Bulan Lapar

Okay, I know that’s not really how you say it.

My friend on Twitter, my kawan, @Arzai is Malaysian. She’s read Petals and Thorns, which gives me such a kick, that this lovely woman all the way in Malaysia has read my story. She kind of shakes her head at my enthusiasm and says that she’s certain many people in Malaysia have read it, that Malaysia, after all, is a very big place. But she’s the one I know about and I get all pleased thinking about it.

Last night she was teaching me Malay words and phrases on Twitter. I asked her for full moon (bulan penuh), since I knew this would be my morning post. I then asked if Hunger Moon would be bulan lapar, since she’d already taught me that “lapar” is hungry. She didn’t think that would be right. Then she came back and asked what “Hunger Moon” means.

I had to explain that it’s not really English, either. That the full moon names are English translations of Native American concepts. In this case, the moon itself isn’t hungry, but that this is the moon that’s full during the time of hunger. It’s still deep winter here, I told her, and though spring is coming, it will be a while before the plants grow again. This is the time when stores grown thin.

She said she’d learned something and I realized what a cultural difference that is. Even though our replete grocery stores keep us fed year-around now, we still have those underlying concepts, from our frontier ancestors and native neighbors, that winter is a time of privation. Something those in the tropics don’t experience in the same way.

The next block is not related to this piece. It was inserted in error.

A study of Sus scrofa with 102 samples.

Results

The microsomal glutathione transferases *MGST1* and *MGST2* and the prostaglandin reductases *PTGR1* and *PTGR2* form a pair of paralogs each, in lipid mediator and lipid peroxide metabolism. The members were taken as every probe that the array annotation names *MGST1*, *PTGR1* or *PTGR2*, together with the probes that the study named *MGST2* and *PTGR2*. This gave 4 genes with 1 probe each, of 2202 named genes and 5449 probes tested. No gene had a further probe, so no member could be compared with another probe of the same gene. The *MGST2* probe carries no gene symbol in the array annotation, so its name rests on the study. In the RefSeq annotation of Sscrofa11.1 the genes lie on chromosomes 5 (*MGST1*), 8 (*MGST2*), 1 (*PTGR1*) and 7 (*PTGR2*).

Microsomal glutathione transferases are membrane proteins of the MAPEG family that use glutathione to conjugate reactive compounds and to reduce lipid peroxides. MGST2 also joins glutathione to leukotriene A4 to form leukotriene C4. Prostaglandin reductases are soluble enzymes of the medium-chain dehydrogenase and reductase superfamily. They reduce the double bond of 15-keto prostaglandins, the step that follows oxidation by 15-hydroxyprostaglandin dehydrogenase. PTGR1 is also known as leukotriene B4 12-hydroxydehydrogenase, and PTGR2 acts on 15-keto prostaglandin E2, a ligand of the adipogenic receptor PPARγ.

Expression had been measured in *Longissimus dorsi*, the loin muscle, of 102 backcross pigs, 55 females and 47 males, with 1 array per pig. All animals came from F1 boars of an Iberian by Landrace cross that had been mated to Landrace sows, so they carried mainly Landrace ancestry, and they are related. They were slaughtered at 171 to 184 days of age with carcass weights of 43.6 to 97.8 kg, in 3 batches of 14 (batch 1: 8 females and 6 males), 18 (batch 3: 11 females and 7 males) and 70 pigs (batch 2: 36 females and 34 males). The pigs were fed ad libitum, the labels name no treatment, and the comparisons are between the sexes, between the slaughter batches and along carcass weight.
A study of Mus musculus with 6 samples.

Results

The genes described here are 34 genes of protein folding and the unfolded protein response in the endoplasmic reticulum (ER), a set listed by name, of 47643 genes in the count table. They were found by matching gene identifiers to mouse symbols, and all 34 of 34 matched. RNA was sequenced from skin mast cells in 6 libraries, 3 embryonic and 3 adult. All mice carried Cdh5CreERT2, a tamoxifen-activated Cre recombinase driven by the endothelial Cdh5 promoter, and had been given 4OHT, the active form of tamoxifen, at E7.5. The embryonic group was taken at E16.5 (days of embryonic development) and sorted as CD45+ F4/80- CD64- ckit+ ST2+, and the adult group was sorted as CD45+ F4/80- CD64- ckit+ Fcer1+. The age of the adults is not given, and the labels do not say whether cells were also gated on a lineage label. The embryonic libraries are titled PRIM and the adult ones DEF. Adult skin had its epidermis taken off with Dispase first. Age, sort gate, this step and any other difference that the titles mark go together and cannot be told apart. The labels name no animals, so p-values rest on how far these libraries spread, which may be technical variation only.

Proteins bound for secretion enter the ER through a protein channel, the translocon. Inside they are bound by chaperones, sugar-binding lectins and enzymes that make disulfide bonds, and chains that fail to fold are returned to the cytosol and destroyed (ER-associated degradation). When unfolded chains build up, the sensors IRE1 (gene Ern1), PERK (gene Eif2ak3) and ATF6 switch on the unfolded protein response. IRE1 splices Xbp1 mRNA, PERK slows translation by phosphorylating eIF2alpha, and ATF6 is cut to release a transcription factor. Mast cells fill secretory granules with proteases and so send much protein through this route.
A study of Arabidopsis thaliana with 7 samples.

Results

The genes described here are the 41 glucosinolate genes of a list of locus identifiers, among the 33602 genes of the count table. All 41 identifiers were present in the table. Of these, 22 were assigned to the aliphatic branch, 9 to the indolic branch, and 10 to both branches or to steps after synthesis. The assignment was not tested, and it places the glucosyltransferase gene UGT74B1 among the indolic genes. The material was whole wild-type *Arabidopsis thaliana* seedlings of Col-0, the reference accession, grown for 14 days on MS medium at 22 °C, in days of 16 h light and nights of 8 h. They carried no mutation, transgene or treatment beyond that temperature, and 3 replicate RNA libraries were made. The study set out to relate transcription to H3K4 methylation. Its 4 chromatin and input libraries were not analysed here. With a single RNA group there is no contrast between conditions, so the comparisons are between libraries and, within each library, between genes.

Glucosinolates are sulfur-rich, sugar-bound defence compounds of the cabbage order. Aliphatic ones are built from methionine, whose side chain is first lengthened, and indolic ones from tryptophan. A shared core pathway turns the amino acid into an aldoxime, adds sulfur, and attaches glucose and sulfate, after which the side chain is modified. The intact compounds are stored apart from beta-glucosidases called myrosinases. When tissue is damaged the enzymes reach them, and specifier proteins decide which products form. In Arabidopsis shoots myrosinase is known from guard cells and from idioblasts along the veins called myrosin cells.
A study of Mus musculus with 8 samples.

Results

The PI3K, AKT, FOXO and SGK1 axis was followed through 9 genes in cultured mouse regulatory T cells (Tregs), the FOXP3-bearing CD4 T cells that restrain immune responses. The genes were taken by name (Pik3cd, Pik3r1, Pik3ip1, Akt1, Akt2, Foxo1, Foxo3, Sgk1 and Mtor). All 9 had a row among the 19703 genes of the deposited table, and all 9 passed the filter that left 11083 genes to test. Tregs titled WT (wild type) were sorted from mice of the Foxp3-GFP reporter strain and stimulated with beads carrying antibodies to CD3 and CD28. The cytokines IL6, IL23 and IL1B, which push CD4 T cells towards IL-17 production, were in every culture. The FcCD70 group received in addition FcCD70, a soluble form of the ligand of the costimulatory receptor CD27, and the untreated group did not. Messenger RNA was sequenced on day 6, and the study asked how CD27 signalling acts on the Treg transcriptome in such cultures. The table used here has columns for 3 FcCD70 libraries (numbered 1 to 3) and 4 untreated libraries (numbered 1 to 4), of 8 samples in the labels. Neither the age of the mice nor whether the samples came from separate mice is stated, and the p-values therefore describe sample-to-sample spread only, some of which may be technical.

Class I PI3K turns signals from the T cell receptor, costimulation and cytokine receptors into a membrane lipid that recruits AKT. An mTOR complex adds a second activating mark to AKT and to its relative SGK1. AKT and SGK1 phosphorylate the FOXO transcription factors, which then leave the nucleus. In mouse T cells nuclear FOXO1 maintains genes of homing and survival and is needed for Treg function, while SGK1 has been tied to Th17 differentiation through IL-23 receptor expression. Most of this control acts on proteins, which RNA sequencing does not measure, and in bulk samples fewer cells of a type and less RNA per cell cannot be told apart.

So, here’s to the Hunger Moon, that rises over the mountains in Santa Fe and the beaches in Malaysia.

And to the ways we connect, great and small, across our little world.

7 Replies to “Bulan Lapar”

  1. I follow Arzai on Twitter, too–she's great! I love how Twitter can give us glimpses into places we've never been.

  2. Lovely post and it was such fun to watch your conversation last night. I've said it before but I do love Twitter for giving me so many new and wonderful people in my life. 🙂

  3. Oo! How lovely – I'll have to follow Arzai, too. Language lessons are always fun. So are foreign concept lessons. I think they broaden a personal world and bring the larger one in just a bit closer.

  4. Me, too, Linda!

    That's one of the best things about Twitter, Kristina, "eavesdropping" on interesting conversations.

    You'll love her, Marcella. I think you're right on with that.

  5. I do believe I would be as pleased as you are, Jeffe! It just seems like such a wild thing to imagine that someone in a country so far away has read your book. I would be downright giddy, LOL.

    And I love learning phrases in other languages. I've been lucky to have quite a lot of international ties with people who are glad to teach me how to swear in their language, or to at least know how to address them 🙂

  6. Great post Jeffe, and what a great friend to have. Never thought about it quite that way. Why would someone from the tropics understand the deep cultural significance of Winter or the profound change of seasons? Even we don't conciously think about it, it's just embedded in the way we feel. You know: Harvest Moon, Hunter's Moon, Snowblowers Moon.

  7. It is kind of wild, Danica. And we'll have to ask @Arzai for some curse words.

    Thanks, Bart! You're right, that it's embedded. Many an elder has cursed the Snowblowers Moon!